Jack McConnell wants to turn six secondary schools in Scotland into selective science academies for S5 and S6 pupils, so that the brightest and best pupils are given opportunities to develop their potential.
His proposal, which is likely to form part of the Scottish Labour Party's manifesto, is based on research carried out for the Scottish Executive's "Futures Project", aimed at identifying the skills Scotland needs in the coming decades to compete globally. One finding is that it is high-skill performance in the sciences that will make the difference to future economic growth.
It is unclear whether Labour wants to extend specialist academy provision beyond existing schools in dance, music and sport and, after the Scottish elections, science. However, leading university scientists have expressed concern that the First Minister is focusing on the wrong age group.
Professor John Coggins, member of the Scottish Science Advisory Committee and author of the influential STEM report on the school to university transition in science, technology, engineering and mathematics subjects, said the priority should be investing in the science curriculum to make it more attractive to younger pupils. He called for more investment in high-quality continuing professional development for teachers to help them keep up to date with developments.
Targeting science academies for upper secondaries could well be leaving it too late, he warned: "I don't want to be hostile to Mr McConnell if he's trying to do something about science. But the best use of resources would be to invest more in the curriculum review with respect to science to ensure that the science courses are more attractive and fit for purpose."
His fear was that creating six selective scientific centres of excellence would simply attract pupils who wanted to study medicine or veterinary medicine at university, since these courses require five A passes at Higher, preferably in sciences: "These elite science schools have existed in Europe, for example, in Germany, for a long time. I'm not sure they're successful."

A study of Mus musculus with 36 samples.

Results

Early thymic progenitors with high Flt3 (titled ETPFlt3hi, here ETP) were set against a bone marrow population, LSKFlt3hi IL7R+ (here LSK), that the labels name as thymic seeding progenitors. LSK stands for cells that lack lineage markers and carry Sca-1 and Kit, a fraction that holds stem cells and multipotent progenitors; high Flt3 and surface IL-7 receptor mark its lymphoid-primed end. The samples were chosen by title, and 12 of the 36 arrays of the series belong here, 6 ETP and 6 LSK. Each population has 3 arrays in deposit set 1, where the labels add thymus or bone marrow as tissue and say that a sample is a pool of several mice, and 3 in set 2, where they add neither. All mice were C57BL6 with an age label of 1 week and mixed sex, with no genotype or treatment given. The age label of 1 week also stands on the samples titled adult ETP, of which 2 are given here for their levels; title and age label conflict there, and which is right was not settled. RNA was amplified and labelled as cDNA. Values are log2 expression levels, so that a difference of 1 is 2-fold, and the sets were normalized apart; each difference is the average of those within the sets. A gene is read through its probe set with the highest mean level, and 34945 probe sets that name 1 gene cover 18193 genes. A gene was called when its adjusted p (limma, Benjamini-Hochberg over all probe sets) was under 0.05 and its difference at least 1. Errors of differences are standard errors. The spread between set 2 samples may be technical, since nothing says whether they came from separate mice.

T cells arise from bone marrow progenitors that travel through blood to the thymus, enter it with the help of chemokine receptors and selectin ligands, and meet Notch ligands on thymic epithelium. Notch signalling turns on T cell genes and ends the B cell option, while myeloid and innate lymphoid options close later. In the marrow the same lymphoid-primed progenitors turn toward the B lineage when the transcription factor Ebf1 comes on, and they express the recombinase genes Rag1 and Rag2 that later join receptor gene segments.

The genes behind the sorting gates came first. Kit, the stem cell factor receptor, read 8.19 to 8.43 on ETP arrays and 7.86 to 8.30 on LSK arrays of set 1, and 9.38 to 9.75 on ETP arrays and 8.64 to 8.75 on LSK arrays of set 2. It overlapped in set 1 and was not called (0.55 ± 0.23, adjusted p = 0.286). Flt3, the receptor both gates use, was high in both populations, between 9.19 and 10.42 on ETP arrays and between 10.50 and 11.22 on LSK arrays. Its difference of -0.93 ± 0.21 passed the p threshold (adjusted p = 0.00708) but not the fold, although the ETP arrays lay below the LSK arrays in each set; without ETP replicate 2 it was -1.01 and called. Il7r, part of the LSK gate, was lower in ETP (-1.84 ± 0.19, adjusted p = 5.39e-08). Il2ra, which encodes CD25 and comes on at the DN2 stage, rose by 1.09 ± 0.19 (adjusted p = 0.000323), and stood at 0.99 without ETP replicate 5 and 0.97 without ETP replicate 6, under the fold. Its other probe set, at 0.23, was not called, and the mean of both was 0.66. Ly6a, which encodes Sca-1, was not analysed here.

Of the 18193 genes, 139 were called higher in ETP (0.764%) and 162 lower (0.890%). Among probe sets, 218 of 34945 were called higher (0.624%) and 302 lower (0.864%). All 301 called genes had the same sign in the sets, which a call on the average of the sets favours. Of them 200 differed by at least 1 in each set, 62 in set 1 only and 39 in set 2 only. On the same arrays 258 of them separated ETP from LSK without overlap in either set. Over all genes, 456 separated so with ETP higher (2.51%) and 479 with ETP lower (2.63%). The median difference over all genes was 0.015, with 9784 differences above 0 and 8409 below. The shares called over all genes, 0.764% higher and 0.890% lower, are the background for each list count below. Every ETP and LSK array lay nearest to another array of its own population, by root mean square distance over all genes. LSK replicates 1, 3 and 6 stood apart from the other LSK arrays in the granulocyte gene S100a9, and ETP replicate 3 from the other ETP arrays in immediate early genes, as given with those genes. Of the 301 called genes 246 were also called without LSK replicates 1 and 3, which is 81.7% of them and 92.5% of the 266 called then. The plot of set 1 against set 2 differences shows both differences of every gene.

However, Mr McConnell is motivated by the belief that the chances of more young people studying science will be increased if they come together to do so. His support for science academies was reinforced by a visit to the United States in the last fortnight, where he toured top-performing science academies. Science academies would, he believes, get round the potential problem of having insufficient teachers to offer the sciences at advanced levels in every school.
He envisages schools and local authorities competing to host a new science academy. Pupils would specialise in the Higher and Advanced Higher curriculum for physics, chemistry and biology, with biology being given a particular focus in the light of Scotland's strong and emerging life sciences and bio-engineering industry.
Other education sources are less sanguine. One pointed out that Mr McConnell's original vision for Scotland's schools of ambition was closely modelled on the English city academy template, which had a heavier reliance on private sponsorship and operated outwith education authority control.
Teaching unions in England have warned that city academies are likely to skew fair admissions policies and undermine the comprehensive ethos.